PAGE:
Bananas are one of the most popular fruits in New Zealand, with more than $220 million worth of bananas imported annually to satisfy the demand. The fruit is typically grown in warmer climates, but it’s been noted by a visiting Australian expert that with New Zealand’s longer daylight hours and the option of growing under covers, the results can often be just as good, while also offering unique Kiwi flavours and characteristics.
“Once they are established, they grow quickly when it’s warm enough (over 14degC),” says AgResearch scientist Dr Jane Mullaney.
“They are generally very tolerant of drought, with what is described as vertical water storage holding much of their water in the stems. Unlike some plants, you don’t have to keep planting again every year.”
The AgResearch scientists used in-house technologies to sequence the DNA and identify origins of and variations in New Zealand-grown bananas. They produced new plants through tissue culturing in the lab to create opportunities for growing trials in different regions and communities. They can also see opportunities for unlocking components of local bananas with defined health properties.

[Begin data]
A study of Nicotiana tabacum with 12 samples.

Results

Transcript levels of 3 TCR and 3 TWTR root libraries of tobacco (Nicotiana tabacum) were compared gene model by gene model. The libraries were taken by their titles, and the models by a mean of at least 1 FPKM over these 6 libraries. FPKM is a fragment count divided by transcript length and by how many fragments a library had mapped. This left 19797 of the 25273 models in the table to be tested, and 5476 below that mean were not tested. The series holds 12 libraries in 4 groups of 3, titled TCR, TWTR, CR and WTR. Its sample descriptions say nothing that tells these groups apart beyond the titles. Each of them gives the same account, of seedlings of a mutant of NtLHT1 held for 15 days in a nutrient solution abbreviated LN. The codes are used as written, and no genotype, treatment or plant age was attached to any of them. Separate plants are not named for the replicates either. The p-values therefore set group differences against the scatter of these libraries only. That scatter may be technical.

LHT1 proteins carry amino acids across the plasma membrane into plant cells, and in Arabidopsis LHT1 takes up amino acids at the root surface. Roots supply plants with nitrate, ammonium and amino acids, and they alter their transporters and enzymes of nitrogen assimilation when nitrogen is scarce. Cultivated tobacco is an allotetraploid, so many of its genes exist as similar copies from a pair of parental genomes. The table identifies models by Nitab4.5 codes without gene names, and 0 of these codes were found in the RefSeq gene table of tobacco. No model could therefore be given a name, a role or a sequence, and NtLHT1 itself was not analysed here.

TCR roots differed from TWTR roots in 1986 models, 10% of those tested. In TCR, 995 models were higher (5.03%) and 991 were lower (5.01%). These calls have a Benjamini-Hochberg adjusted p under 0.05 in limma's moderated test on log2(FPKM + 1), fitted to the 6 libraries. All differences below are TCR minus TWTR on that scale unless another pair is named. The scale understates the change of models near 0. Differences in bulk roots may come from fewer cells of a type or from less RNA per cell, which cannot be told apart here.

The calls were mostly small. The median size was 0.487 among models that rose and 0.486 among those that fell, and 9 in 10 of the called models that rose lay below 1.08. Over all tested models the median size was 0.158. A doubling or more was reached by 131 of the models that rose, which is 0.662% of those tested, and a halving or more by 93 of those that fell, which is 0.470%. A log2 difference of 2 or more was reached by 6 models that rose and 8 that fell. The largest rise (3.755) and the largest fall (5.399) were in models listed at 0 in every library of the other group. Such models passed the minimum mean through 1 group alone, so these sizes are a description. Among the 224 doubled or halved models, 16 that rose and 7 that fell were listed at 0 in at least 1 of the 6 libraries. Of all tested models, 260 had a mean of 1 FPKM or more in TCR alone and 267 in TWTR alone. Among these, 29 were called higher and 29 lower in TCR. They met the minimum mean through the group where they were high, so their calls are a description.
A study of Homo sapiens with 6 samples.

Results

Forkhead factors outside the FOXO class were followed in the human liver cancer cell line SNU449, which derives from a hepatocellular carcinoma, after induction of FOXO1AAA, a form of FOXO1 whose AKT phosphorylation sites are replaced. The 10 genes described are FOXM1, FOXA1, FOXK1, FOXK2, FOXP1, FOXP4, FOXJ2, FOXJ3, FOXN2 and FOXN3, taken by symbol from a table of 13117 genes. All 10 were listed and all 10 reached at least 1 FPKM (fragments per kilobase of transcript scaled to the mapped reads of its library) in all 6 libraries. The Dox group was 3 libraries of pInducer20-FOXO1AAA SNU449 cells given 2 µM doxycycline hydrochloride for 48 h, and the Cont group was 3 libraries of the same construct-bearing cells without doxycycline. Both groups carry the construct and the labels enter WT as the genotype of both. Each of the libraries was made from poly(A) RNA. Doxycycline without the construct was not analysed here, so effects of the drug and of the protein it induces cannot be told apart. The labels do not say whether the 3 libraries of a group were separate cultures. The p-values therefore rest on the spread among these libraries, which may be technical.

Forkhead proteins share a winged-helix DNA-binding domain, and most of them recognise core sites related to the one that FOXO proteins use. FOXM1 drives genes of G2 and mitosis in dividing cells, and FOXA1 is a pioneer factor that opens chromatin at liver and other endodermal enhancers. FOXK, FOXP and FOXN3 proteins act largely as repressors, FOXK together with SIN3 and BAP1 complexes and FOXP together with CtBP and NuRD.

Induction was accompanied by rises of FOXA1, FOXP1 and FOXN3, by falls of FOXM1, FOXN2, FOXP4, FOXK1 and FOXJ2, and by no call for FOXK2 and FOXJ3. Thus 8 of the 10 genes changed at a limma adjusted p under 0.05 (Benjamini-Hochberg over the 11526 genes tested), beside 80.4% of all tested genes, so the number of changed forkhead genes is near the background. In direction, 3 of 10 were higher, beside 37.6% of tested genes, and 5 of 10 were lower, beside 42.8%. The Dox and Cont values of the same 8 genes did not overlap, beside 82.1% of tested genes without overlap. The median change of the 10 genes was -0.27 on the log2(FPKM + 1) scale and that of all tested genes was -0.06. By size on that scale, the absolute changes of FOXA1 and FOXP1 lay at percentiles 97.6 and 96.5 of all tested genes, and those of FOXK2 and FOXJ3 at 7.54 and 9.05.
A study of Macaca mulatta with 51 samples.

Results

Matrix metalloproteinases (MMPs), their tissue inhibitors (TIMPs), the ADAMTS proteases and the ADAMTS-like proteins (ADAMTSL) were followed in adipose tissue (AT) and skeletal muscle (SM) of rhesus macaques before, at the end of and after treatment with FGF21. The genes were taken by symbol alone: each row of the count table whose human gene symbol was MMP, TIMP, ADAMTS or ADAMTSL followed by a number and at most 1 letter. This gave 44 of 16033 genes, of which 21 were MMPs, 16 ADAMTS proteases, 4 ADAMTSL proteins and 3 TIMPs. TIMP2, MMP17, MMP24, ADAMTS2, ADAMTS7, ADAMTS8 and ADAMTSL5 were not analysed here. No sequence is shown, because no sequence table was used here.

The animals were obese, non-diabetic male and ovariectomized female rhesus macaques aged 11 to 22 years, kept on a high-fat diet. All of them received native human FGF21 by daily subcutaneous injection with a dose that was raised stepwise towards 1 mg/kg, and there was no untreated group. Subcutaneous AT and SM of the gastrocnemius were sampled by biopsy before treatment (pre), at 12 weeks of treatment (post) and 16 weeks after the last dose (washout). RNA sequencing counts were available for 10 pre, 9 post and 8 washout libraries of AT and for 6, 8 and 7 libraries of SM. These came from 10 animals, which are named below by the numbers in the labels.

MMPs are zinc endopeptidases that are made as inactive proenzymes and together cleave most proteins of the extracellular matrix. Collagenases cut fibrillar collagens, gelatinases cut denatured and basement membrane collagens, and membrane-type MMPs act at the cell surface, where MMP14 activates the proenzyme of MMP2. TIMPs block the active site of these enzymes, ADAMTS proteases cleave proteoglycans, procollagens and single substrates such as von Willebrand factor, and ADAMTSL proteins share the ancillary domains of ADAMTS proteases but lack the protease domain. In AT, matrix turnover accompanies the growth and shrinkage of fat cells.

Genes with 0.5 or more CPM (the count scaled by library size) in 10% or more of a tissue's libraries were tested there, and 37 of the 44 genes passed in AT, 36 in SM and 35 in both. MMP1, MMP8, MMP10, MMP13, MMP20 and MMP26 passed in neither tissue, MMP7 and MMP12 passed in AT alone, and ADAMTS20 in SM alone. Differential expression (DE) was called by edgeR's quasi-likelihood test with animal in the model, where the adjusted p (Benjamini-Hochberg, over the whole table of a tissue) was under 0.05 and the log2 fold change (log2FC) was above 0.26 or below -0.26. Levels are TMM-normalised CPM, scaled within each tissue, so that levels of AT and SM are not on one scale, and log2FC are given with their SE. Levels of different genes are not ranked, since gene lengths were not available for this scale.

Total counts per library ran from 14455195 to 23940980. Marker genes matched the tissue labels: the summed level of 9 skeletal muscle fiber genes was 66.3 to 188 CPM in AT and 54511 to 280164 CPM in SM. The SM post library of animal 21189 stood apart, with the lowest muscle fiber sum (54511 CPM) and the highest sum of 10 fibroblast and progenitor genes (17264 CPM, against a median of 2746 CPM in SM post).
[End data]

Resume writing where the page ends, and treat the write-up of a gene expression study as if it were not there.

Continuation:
Dr Mullaney says the work began with she and fellow scientists partnering with Gisborne-based growers Tai Pukenga, led by Trevor Mills and Laurie Te Nahu, with the assistance of funding from the Ministry of Business, Innovation and Employment. Fruit is not the usual domain of AgResearch scientists, but in this case, some existing relationships and relevant expertise lent itself to the work.
“In places like Gisborne and Northland, the bananas were already being snapped up as fast as they could grow them.”
The initial role of the scientists was to bring their expertise in DNA sequencing to learn more about the bananas already being grown in New Zealand, and where they might be able to grow. What they soon found was that their work with the Gisborne growers and other experts was leading to new connections with communities throughout New Zealand, particularly Māori communities, which were interested and wanted to get involved in growing.
“Our forage team at AgResearch has well-established expertise through plant breeding programmes. We were able to take the banana plant tissue and start growing it in an incubator, and from one stem you can generate plants that can, in turn, grow to thousands of plants,” Dr Mullaney says.